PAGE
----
This week we have guest writer Timi Merriman-Johnson filling in for Ed Smith’s Invisible Walls. Ed will be back in two weeks. Enjoy!
There is a rather odd phenomenon that seems to take place within the world of fighting games. This can quite easily be seen in Capcom’s Street Fighter franchise. The developers release a game: Street Fighter II (1992), and then re-release the exact same thing soon after – often with a few extra characters, and some sort of hyperbole affixed to the title: Super Street Fighter II (1993). Over time, this practice has enraged many a fighting game supporter, as they feel that their hard earned cash is being siphoned away from them due to all the relentless iterating. As Capcom was relatively young when Street Fighter II was first released, this begs an important question: why would a developer seek to alienate the very audience they depend on? This, dear friends, is a question of balance.
At its inception, if there’s anything the Street Fighter franchise was recognised for, it was for its wild and wacky cast of characters. Created by a Japanese development team, it’s very amusing to see the way they chose to represent other cultures in their work. I would go as far as saying that many of these representations could easily be perceived as mildly racist. What saved Capcom from coming across as offensive was the way they managed to maintain an equal distribution of ridiculousness amongst the cast. Take Dhalsim, the meditating, levitating contortionist from India. Problem? Also, why not make him breathe fire? Must be from all the curry he eats. Or how about Dee Jay, the gleeful, kickboxing capoeira fighter from Jamaica. The devs even made sure to give him a pair of maracas to whip out and shake around during his post-match celebration.
Despite how bizarre some of the characters are, Capcom are to be applauded for continually striving to ensure that their cast of Street Fighters are as diverse as possible. Who wants to play a game in which all of the characters are the same? However in striving for diversity, any fighting game development team runs the risk of affecting character balance. A fighter may be given an uppercut that just so happens to beat out the special moves of a significant portion of the roster. There may be another character with the ability to perform an ‘infinite’; an unending string of moves that can be performed until a KO is reached, or until the time runs out. Because there is only so much playtesting a development team can carry out prior to release, fighting games often go out with undetected imbalances. In the hands of consumers, further game-breaking exploits are likely to be found by individuals who have much more time on their hands than the developers could ever hope to have.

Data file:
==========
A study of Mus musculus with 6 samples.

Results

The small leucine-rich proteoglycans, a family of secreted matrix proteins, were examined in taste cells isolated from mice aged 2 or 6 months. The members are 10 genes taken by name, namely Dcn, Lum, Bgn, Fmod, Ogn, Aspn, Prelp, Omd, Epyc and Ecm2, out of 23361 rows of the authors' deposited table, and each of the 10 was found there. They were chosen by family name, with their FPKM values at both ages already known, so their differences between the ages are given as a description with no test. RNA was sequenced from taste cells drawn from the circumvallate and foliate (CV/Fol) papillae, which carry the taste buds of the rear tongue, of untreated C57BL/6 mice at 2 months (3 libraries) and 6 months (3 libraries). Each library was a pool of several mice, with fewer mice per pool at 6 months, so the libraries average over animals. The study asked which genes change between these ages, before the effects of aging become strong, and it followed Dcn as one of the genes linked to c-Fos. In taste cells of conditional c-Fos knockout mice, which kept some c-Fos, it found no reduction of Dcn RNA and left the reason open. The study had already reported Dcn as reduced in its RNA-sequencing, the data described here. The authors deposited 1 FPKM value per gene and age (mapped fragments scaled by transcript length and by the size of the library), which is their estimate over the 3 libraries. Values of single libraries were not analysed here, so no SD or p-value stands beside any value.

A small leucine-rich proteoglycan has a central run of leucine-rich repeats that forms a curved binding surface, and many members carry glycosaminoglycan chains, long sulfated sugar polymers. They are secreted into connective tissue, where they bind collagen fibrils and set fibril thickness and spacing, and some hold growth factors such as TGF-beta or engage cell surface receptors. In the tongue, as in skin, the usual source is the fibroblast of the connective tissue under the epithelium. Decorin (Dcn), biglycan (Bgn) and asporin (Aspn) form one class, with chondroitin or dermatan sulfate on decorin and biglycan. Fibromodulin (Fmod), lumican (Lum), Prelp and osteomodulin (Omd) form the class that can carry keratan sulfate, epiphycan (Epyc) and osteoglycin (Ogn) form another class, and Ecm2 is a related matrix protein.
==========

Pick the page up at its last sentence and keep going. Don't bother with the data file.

Before the days of digital distribution and online gaming, the only real way to deal with character imbalance was to hope that players found a way around it, or to release a more complete, fairer version of the game. Capcom obviously favour the latter, hence the reason why to date, there are six different versions of Street Fighter II across multiple platforms. Capcom do need to tread carefully though. In this day and age given the technology available to us, and a much wider audience base, consumers are much less accepting of the business practises of old. To the disbelief of their fans, Capcom still continue to iterate with full (albeit discounted) retail releases of their current day releases such as Street Fighter IV and the Marvel vs. Capcom series. Many feel that such a practice is greedy and unjustified, given the fact that in-game exploits can now be fixed via DLC. Who knows, very soon Capcom may find themselves trying to strike a completely new type of balance. In striving for financial gain, Capcom now run the risk of negatively affecting the relationship they have with their fans – a problem that would take much more than a patch to fix.